Consolidation of the Pound’s gains followed yesterday’s reports that Northern Ireland’s Democratic Unionist Party would back Theresa May’s Brexit deal if it includes time limits for the Irish backstop, reducing the risk of a no-deal Brexit.
Overnight, Sterling climbed as much as 0.5 per cent to 1.3137, its highest since last November, but dropped by 0.3 per cent to 1.3105. The Pound has rebounded by more than 5 per cent since reaching 1.2475 in mid-December.
Philip Hammond yesterday told business leaders at the World Economic Forum in Davos that “leaving without a deal would undermine our prosperity and would equally represent a betrayal of the promises that were made”. Only last week, the UK Chancellor of the Exchequer pledged to another group of executives to take a no-deal Brexit off the table.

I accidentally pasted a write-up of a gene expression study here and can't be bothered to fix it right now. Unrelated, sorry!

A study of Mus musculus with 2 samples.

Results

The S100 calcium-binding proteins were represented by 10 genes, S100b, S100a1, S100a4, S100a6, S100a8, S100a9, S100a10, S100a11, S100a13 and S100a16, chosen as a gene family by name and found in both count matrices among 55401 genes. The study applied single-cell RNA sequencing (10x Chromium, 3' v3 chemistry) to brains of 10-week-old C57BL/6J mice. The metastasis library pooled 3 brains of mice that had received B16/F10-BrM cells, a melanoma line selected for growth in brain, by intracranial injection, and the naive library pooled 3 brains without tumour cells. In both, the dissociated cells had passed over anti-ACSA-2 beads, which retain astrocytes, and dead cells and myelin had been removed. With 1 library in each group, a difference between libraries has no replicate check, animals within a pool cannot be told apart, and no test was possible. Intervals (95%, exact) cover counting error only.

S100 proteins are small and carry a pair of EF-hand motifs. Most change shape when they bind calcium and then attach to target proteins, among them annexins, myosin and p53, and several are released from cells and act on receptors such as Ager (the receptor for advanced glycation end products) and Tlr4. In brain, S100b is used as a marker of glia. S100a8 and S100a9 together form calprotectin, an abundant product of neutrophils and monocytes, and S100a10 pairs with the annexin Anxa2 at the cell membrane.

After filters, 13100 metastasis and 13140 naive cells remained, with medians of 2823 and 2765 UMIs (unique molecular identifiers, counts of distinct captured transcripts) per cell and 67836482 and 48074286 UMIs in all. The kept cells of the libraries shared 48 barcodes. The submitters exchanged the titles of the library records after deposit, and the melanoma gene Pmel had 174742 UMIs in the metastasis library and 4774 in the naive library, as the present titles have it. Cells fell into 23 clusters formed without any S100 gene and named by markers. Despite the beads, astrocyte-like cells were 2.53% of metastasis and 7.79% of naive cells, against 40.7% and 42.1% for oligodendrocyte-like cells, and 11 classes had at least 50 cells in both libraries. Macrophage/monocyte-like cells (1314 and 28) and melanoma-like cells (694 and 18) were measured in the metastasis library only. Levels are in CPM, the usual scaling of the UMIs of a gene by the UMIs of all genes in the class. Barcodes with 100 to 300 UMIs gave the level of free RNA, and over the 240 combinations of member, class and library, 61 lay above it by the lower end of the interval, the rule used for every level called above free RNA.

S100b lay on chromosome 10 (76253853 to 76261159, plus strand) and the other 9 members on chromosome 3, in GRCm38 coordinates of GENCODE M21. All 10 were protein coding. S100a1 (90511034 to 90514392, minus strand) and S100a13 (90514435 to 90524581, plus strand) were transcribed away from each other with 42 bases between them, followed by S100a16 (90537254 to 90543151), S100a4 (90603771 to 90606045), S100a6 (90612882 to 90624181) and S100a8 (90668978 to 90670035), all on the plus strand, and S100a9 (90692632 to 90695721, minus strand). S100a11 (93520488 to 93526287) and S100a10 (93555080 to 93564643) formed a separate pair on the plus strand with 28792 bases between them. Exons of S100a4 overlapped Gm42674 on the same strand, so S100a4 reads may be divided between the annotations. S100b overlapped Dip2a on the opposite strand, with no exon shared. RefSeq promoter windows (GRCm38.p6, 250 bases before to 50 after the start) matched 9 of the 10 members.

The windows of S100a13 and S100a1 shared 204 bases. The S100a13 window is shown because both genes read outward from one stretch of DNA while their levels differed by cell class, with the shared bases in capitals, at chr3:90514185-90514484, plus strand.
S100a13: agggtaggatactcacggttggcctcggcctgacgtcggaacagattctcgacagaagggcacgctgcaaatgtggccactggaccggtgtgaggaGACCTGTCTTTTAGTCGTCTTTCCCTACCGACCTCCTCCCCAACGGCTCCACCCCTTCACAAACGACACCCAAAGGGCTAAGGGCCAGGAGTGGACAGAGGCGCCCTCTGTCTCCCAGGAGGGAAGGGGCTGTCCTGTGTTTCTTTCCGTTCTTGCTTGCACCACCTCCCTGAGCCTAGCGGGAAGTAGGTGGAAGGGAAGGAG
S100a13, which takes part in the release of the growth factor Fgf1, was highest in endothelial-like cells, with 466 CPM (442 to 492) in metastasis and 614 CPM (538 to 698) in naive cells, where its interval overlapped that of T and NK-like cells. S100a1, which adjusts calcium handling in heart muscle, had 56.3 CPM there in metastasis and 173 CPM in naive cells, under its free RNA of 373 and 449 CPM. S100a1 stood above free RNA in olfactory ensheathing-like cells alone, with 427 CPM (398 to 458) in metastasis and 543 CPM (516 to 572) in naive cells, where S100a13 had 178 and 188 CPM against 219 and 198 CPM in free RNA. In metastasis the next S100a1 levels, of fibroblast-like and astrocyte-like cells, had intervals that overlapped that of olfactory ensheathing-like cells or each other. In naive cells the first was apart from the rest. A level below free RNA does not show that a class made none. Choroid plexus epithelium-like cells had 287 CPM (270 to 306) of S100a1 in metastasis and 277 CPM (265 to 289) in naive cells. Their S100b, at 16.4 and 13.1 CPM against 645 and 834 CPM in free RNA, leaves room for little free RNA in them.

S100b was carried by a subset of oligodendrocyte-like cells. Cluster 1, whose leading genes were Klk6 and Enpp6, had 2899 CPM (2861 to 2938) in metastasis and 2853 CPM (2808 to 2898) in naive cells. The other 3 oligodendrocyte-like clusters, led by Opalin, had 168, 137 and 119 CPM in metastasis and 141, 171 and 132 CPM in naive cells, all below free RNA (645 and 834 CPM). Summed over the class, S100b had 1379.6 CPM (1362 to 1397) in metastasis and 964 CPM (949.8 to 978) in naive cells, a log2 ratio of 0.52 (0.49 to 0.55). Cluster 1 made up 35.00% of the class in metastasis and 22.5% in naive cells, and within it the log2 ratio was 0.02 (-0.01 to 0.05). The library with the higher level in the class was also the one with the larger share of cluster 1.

Meanwhile, the Euro sank to its lowest point against the Dollar for more than two months after European Central Bank President Mario Draghi acknowledged that risks to the Eurozone’s economy were up, citing geopolitical uncertainties and the threat of protectionism.
The composite Eurozone Purchasing Managers’ Index (PMI) fell to its lowest level this month in more than five years, having expanded only slightly. However, Germany’s manufacturing sector is in contraction territory as the flash PMI dropped below the 50 level to 49.9. We should expect growth downgrades and a shift in the ECB’s monetary policy. The central bank had previously downplayed a string of weak economic data.
The single currency slipped below the $1.13 level for the first time since December 2017.